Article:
5 at Home Cartwheel Tips from a Gymnastics Coach
A cartwheel is a basic gymnastics skill and a skill that everyone can learn. Every child loves to be able to show off their cartwheel on the playground. Basic cartwheel drills can be introduced to children as young three. However, true cartwheels typically do not develop until later. Cartwheels require both physical and mental readiness. They are combination of strength, coordination, the proper rhythm, and right pattern. Check out these tips to help your child start working toward cartwheel mastery at home.
Discover the Dominant Foot
One of the first steps in the cartwheel process is determining your child's dominant foot. One's dominant foot for a cartwheel does not always match their dominant hand. One way to help you discover which foot to have your young gymnast start with is to have them stomp and roar like a dinosaur. Ask your son or daughter start with their feet together tell them on the count of three to stomp one foot forward (and just for fun add a roar). Repeat this three or four times to see if they have a "favorite foot". The foot they stomp forward with most often is likely the foot that should start in front when they cartwheel.
Learn the Side Lever
Once you have determined your child's dominant foot then another step to practice is called the side lever, or the transfer of the weight from the feet to the hands. Have your gymnast stand side with their dominant foot slightly in front. Next, have them place the same arm up in the air and the other hand on their hip like the handle of their tea pot. Sing the I'm a little tea pot song and when its time to tip over have your child place the arm that is up on the ground and lift their non dominant foot in the air. This is the beginning of the cartwheel. This levering action helps your child understand which hand to place on the ground first and how to coordinate the arm and leg moving at the same time.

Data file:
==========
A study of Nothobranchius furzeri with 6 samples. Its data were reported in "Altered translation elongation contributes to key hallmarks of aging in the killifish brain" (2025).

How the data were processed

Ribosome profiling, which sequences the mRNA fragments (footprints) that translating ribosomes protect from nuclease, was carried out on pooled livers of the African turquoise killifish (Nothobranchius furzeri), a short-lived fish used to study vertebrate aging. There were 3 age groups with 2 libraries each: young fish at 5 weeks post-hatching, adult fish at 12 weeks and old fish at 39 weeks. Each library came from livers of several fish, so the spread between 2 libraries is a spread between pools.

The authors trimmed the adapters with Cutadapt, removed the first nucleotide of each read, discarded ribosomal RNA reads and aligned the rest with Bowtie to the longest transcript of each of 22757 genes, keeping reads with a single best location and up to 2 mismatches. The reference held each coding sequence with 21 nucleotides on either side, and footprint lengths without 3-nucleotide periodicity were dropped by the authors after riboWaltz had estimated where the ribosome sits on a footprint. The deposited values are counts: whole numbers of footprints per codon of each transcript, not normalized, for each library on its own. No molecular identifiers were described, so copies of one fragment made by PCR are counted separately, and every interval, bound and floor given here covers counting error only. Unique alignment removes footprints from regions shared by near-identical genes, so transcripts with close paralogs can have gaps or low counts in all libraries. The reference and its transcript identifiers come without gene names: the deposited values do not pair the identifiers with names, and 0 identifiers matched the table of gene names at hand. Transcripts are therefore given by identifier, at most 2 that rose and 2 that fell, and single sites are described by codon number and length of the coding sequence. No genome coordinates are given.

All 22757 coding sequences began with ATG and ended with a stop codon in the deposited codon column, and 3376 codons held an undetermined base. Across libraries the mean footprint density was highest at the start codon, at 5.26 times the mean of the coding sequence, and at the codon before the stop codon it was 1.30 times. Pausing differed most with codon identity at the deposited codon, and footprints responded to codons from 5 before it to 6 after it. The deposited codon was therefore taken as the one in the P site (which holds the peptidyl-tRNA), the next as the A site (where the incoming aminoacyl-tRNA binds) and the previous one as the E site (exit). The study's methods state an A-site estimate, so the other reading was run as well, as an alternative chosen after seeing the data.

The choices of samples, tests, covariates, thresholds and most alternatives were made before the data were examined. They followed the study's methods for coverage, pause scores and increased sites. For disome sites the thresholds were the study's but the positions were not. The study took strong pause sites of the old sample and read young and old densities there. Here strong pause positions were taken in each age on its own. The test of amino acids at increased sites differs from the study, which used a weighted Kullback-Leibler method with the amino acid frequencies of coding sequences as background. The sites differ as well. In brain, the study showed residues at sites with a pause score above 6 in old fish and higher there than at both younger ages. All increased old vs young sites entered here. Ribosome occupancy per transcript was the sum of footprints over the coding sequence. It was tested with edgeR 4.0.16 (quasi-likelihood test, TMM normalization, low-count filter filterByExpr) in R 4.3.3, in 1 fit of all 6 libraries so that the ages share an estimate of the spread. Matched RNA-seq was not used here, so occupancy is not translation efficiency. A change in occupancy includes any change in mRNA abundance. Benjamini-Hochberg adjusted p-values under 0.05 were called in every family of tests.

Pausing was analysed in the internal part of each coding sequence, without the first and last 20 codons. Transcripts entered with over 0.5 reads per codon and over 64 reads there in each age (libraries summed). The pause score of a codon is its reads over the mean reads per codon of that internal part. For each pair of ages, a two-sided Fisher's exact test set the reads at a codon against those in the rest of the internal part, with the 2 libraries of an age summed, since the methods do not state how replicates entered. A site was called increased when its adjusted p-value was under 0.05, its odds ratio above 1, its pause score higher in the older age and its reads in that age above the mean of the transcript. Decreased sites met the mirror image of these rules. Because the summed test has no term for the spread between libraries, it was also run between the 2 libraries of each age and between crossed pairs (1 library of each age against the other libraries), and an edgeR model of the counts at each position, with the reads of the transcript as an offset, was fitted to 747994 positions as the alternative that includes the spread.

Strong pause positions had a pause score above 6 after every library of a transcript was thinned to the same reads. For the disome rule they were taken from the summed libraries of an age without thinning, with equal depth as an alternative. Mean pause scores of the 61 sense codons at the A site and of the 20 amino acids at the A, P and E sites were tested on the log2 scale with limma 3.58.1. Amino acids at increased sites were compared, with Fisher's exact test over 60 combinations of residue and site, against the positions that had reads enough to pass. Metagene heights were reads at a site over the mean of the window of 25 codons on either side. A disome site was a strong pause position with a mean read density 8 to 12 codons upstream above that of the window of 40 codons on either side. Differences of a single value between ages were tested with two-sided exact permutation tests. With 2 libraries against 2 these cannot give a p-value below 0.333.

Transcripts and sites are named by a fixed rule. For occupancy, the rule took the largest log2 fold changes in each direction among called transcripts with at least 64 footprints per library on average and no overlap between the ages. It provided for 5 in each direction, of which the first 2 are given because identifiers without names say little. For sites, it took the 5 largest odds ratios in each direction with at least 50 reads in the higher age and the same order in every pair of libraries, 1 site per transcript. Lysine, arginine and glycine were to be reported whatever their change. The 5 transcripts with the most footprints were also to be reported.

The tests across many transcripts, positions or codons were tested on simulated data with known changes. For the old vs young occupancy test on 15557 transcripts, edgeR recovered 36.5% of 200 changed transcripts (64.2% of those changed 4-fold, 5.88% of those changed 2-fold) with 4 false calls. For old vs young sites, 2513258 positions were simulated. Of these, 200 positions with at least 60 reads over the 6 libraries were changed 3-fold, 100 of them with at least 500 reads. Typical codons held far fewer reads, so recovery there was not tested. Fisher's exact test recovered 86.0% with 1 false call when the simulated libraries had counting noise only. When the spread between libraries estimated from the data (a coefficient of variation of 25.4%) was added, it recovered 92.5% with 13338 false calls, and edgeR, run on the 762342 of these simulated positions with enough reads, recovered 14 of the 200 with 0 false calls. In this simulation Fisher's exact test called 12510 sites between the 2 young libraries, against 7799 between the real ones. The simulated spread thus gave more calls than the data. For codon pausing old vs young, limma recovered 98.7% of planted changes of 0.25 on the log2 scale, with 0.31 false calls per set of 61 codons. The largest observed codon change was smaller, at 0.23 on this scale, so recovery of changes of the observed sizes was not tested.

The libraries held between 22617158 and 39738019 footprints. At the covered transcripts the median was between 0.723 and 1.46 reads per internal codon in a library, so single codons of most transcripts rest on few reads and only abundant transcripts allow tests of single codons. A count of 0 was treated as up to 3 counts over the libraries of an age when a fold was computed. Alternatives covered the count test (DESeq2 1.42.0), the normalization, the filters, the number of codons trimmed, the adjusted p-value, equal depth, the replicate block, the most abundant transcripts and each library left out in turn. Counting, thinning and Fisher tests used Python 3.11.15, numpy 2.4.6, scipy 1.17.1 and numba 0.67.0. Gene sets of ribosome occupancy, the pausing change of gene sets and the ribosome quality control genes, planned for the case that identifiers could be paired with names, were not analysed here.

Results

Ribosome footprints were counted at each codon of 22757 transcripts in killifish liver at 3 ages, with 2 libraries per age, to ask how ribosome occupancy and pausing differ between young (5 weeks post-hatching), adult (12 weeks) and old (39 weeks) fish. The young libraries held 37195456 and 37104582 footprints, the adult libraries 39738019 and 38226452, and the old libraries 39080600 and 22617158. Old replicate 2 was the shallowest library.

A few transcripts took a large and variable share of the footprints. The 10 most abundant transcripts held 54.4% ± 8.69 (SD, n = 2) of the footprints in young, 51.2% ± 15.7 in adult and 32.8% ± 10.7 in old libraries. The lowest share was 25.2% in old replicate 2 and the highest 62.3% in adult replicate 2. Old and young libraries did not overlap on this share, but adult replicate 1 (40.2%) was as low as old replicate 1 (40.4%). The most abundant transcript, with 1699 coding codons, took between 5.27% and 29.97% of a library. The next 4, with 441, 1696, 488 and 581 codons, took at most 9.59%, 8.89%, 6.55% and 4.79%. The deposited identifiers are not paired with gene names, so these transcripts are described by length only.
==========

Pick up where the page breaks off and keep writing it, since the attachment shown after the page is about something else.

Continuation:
Check out this video of I'm a Little Teapot in Action!
Cartwheels require your child to be able to support their full body weight with just their arms. This is not easy. Help your child develop this strength by encouraging them to bear crawl, wheelbarrow walk, and tackle obstacles on the playground. In addition, you will want to have your child practice the cartwheel hop. Have them place their hands on the ground and hop their feet from one side of their hands to the other side. To make it more challenging try placing their hands on bench or elevated surface and have them jump their feet from one side to the other. You will find that developing upper body strength is not only required for great cartwheels, but also for writing skills in school.
Practice getting inverted. Once your child has the upper body strength to support their weight on their hands then it is time to practice being in handstand. The handstand is one part of the cartwheel as you pass through a straddle handstand when cartwheeling. Have your child walk their toes up and down the wall to get inverted. Once they are comfortable walking up and down the wall have them trying kicking to a handstand against the wall. The handstand doesn't have to be perfect to master the cartwheel, but it is an important part of the skill.
Break Down the Positions & Rhythm
Now, it is time to put the cartwheel together. The cartwheel begins in a lunge position with the dominant foot in front. The next step is to use the side levering action to transfer the weight from the feet to the hands. Once on the hands the gymnast should show a straddle handstand position. Last, the gymnast pushes off of their hand to land on their none dominant foot first. The patter is hand down, hand down, foot down, foot down.
Last, your gymnast will need to practice, practice, practice. Let them practice each step over and over until they are comfortable and confident with the whole process.